Tomorrow, I’m off to see my agents in San Francisco We are supposed to discuss “time lines.” I guess that means how long I have to promote myself and my work before they can help me get this next project of mine off and running. If you recall, my agent did not manage to sell one of my projects, and her husband sent me off to promote another one. They said I was “antsy” when I asked if I could find another agent who might take the project on immediately and suggested this meeting. I guess we also will take a look at where I am going, how I am going to get there and how they will help me. Those are my words. I want and need that from them. Anyway, that’s tomorrow’s agenda, and I’m a little nervous. I don’t often get a chance to spend time with them. I enjoy their company and value their time, but I’m always a little afraid of doing something “wrong.” Just my stuff… I’ll let you know how the meeting goes.
Here’s another short bit of news: I finished the first draft of my Write Nonfiction in November project. In fact, I sent it off to my agents, along with a bunch of other stuff. It needs some work, but it’s not half bad. I think I told you that its a booklet based on a four-part teleseminar series I taught. I plan to sell it at the back of the room when I teach or speak and on line as well. I’ll produce it as an e-book, too.
Okay, a short post on research vs. procrastination (as per Linda’s request). Here’s my take on this subject, for whatever it’s worth. It’s very easy for a nonfiction writer to waste away the hours doing research, especially on the Internet. I have often found a whole day gone by without noticing as I’ve read surfed around the net reading all sorts of things that seem related to my topic. If you’ve got time to spare, this poses no problem. If you have a deadline or, like me, have few hours in the day to work, this does not serve you. So, Google your subject and try to find the websites that look most promising. Follow your best leads and links. Give yourself a time frame within which you have to quite researching — 2-3 hours or whatever you can spare — and then begin writing.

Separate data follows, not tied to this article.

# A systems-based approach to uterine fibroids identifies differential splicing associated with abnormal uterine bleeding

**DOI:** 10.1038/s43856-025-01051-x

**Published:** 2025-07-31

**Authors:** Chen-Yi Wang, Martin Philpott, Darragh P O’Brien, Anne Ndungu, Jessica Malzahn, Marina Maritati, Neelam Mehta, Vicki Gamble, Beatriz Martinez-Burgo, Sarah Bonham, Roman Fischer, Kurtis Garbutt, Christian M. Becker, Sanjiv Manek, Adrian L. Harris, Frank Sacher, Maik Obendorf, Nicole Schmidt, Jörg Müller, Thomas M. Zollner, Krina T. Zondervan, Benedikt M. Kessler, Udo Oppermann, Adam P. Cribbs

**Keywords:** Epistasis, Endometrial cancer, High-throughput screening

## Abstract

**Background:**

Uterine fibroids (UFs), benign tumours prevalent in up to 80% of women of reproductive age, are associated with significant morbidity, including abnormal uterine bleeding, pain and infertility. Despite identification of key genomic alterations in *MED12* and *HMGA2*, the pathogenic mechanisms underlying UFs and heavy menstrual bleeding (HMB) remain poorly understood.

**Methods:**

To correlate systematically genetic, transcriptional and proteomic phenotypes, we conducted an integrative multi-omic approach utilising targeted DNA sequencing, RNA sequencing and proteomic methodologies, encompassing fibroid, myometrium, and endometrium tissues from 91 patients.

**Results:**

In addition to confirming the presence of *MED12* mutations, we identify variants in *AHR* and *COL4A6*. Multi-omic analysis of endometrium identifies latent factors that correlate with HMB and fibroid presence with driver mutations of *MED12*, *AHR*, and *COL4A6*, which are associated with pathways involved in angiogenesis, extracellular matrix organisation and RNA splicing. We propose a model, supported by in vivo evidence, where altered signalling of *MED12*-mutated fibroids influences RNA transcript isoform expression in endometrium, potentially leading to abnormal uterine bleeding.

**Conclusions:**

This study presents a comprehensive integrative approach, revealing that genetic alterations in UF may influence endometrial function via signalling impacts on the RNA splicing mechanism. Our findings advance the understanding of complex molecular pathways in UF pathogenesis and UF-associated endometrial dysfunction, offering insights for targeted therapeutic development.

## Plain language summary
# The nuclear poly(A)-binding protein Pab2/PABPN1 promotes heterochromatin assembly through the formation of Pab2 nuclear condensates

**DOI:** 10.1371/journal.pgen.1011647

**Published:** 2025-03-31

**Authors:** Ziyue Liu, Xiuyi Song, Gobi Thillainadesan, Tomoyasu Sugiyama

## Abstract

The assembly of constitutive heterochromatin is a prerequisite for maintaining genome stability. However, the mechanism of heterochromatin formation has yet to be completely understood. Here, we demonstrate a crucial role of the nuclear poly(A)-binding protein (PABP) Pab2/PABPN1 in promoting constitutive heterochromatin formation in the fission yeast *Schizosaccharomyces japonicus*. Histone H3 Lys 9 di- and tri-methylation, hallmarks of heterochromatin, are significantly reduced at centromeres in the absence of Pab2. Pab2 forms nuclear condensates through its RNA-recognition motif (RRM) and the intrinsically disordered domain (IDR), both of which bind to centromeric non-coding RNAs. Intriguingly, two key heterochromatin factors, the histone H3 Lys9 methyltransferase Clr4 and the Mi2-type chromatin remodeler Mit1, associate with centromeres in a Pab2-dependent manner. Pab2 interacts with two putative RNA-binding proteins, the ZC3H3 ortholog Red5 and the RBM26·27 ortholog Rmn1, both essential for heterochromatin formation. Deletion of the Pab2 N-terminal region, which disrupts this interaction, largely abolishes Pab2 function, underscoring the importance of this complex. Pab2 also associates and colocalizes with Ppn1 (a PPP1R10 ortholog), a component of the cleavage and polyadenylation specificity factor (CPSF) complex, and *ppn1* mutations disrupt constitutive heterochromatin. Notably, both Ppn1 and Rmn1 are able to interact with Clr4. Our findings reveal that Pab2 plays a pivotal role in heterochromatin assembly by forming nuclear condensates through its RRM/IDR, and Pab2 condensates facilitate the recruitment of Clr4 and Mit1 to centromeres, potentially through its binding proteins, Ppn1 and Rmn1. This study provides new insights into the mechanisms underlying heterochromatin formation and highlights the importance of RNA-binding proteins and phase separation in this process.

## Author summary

Use this same principle when reading for research. Tons of books have been published on most subjects. You could read for years. Pick the best few books, or the most recent few books, or the books by the most-well-known experts, and then call it quits.
I prefer conducting interviews over reading books, because I don’t have enough hours in my day to read as many books as would be necessary to do extensive research. I read a few books or parts of books, and then I start interviewing the authors or other experts. They can tell me what I need to know in a lot less time than it would take to read their whole book. Plus, they answer my questions specifically. Be cautious about spending too much time interview, though. This can become a trap as well. You can spend all your time talking to experts and never get around to writing.
Then, of course, you simply need to know when to stop researching and start writing. Ask yourself, “Am I just procrastinating and putting off writing? Do I have enough research to begin writing?”
I always err on the side of doing too much research, and I don’t recommend this. It makes writing more difficult. I think it might be better to research just enough, begin writing, and then go back and do extra research to fill in gaps. The way I do it, I end up having to distill pages and pages of research or interview transcripts into just a few paragraphs of copy. However, an overabundance of research does give you excess material for more articles, books, essays, etc.